Admissions Advice
[edited]

Scheduling Question - what do colleges like more?
Answered

Hello. I am in a predicament over what classes I should take next year. Everyone has told me to take AP classes every time I am given the opportunity to because colleges like ap classes. However, I want to take these specialized advanced courses that are more related to my career and college goals. However, these classes are Honors level at my school even though at other schools in my district they're dual credit (meaning that they're taken through the community college and are a GPA booster. In the past, students have complained to the administration about this, and they said that a teacher with a graduate degree in education has to teach a dual credit class, which the current teachers do not have, meaning that they can only list the classes as honors. Anyways, here are my two schedule ideas:


AP English Literature

AP Statistics

Dual Credit Precalculus

AP Biology

AP Psychology

Health Science Practicum


AP English Literature

Pathophysiology (college level at the other high schools in my district, but honors at mine)

Dual Credit Precalculus

Anatomy & Physiology (college level at the other high schools in my district, but honors at mine)

Organic Chemistry (college level at the other high schools in my district, but honors at mine)

Health Science Practicum



2 years ago

For one, I do not think that the fact that these classes are considered “honors” at your college when they are taught similar to dual enrollment classes should be too much of a consideration. Colleges have a way of knowing these things, and you can always add an explanation in your app. Because you are interested in medicine, however, I would take Schedule One for a variety of reasons. First of all, Collegeboard has established a clear standard as to what different scores on APs mean, so colleges are familiar with it and are confident with what your score demonstrates about you. Your more specialized classes do not have this advantage, so if you do take those, I would keep syllabi saved to maximize your chances of getting college credit for those classes (again, easier with APs). Secondly, as someone interested in medicine, you will probably have to take the MCAT. Coincidentally, the MCAT tests you on Bio and Psych more generally rather than Anatomy or Pathophysiology (which you can always take in a much better lab setting in college). Taking Bio and Psych as APs and getting a good score on your AP test would allow you to take higher level courses, especially in Bio, in college, and prepare for the MCAT earlier.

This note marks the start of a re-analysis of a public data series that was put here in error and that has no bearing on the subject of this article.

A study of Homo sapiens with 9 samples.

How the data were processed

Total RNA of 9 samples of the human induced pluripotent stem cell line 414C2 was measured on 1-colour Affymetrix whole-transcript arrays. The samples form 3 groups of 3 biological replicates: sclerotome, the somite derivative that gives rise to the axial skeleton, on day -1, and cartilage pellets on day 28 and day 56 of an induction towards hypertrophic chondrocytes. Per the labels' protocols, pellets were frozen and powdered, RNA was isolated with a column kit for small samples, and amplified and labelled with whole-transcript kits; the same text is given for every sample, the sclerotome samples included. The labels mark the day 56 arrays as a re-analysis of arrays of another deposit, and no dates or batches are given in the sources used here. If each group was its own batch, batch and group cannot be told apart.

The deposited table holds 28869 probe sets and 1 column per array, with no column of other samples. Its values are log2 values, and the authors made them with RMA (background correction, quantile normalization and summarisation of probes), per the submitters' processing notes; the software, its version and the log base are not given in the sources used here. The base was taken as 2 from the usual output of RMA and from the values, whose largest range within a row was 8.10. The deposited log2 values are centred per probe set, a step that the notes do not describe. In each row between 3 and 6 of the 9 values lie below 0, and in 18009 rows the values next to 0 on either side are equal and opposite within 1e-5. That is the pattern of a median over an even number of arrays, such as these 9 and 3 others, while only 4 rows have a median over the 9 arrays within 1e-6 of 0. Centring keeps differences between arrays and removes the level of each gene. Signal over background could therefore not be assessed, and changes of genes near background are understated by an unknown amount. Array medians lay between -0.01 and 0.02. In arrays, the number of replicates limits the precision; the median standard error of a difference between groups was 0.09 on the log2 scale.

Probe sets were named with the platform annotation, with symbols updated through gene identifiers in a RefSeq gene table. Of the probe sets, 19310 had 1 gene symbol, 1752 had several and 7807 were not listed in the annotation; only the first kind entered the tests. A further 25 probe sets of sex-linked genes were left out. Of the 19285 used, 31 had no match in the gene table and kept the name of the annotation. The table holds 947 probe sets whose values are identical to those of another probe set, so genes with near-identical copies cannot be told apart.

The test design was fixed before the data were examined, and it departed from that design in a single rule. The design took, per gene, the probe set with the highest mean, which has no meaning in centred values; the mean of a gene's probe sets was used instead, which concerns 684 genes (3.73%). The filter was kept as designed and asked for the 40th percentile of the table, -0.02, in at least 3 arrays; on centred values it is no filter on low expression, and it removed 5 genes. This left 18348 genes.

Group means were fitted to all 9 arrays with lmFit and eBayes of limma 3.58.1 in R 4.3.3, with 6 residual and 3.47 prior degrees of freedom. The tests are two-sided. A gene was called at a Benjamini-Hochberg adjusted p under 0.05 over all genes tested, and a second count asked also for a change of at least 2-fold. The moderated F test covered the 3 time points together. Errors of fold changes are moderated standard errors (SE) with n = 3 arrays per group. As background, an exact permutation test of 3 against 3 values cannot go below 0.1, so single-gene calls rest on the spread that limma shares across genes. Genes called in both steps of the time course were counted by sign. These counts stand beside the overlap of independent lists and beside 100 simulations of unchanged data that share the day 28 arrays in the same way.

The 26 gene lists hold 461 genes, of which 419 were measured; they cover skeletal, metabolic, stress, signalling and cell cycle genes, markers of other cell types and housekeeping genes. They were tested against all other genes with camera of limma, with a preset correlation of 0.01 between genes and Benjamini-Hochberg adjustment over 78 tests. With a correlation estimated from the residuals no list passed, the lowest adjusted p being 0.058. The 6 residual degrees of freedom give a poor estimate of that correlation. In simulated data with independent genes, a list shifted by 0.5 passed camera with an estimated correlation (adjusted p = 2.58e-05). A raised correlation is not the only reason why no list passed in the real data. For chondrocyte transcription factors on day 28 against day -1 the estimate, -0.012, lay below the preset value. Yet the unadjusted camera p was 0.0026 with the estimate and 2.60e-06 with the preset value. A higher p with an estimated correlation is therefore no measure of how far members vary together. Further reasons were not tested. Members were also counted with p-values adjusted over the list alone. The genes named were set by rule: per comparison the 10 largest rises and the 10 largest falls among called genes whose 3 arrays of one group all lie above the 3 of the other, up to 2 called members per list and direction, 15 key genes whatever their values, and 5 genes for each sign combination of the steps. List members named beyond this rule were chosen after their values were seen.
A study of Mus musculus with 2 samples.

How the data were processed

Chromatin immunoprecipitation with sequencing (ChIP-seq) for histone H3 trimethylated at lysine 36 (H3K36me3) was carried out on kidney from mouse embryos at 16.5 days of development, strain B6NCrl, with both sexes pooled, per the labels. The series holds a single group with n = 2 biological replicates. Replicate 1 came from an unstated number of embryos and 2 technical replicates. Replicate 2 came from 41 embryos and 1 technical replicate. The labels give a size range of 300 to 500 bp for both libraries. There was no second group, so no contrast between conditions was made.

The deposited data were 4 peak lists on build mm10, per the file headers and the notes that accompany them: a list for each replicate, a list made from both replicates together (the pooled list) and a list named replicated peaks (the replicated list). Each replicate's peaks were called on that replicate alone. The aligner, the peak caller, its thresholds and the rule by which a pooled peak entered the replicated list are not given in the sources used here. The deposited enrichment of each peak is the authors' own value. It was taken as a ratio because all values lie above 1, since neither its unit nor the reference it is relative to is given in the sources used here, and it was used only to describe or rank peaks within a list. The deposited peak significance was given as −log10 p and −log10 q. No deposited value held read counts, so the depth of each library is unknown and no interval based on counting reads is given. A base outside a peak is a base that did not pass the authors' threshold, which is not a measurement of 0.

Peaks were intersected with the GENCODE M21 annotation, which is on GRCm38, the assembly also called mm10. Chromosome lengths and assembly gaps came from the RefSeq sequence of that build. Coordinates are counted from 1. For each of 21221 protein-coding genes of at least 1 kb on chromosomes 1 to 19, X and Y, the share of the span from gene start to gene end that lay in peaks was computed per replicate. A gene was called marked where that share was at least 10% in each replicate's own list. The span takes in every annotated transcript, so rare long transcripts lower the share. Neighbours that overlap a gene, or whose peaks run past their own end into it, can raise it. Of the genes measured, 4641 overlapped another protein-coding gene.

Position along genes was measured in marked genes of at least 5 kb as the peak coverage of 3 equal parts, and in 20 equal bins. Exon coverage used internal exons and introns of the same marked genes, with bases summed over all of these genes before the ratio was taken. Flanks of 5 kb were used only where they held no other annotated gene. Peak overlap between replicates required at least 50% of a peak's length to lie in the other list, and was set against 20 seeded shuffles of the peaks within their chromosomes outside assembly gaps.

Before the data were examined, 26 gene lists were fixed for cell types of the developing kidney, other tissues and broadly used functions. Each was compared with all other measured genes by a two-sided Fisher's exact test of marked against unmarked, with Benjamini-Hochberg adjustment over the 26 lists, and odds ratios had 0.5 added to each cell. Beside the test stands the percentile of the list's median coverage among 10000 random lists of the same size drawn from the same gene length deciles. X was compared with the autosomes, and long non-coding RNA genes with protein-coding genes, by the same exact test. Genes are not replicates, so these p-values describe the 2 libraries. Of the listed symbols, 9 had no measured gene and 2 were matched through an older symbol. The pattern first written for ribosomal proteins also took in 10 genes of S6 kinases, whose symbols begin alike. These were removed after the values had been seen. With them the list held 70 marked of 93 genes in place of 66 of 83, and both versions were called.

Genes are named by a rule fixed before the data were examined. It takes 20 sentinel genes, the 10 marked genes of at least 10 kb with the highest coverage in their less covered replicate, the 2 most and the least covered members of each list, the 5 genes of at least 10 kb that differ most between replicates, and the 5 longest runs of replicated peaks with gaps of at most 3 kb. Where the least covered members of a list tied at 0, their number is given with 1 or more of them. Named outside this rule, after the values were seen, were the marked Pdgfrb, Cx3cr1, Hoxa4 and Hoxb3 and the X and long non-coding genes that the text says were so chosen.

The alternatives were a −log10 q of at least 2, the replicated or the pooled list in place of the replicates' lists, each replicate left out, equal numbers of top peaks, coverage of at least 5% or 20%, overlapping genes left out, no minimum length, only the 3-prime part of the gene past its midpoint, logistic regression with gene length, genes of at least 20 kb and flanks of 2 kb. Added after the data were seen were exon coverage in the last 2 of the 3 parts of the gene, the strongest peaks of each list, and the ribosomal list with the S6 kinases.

As a side note, if your school has a HOSA, consider joining it, or going to their page and looking at the various events and their recommended textbooks. Pathophysiology and Anatomy happen to some of the events, so you can learn the material, compete, and get recognition for it, or you can just learn the material for fun over the summer!


Hi @lrgdaman!

I would take Schedule #1 because AP Biology, AP Psychology, and AP Statistics will be more valuable for college admission. You could take Organic Chemistry later if you have the opportunity, or you could self-study AP-Chemistry if you are capable.

To the best of my knowledge, colleges prioritize high rigor classes over lower rigor specialized classes. Because College will not expect every high school student to know their major. That is how you can choose not to declare a major for college admission.

To be competitive in the top 50 universities, you must have at least 4+ credits in each Science, English, and Math by graduation, regardless of your field of study. Based on that foundation, you can plan your other AP/honors courses.

Furthermore, taking AP would be advantageous because most colleges offer credits for AP Exam scores and placement into advanced courses. This saves you time and money. Both Northwestern and UT Austin do accept AP Eng, Bio, and Statistic for what I aforementioned.

You can check AP Credit Policy Search for all Universities here: https://apstudents.collegeboard.org/getting-credit-placement/search-policies

I hope the information helps your decision!

2 years ago

I would do the second schedule, however, I would try to fit A.P. Bio. Into it as it is very important in the medical field.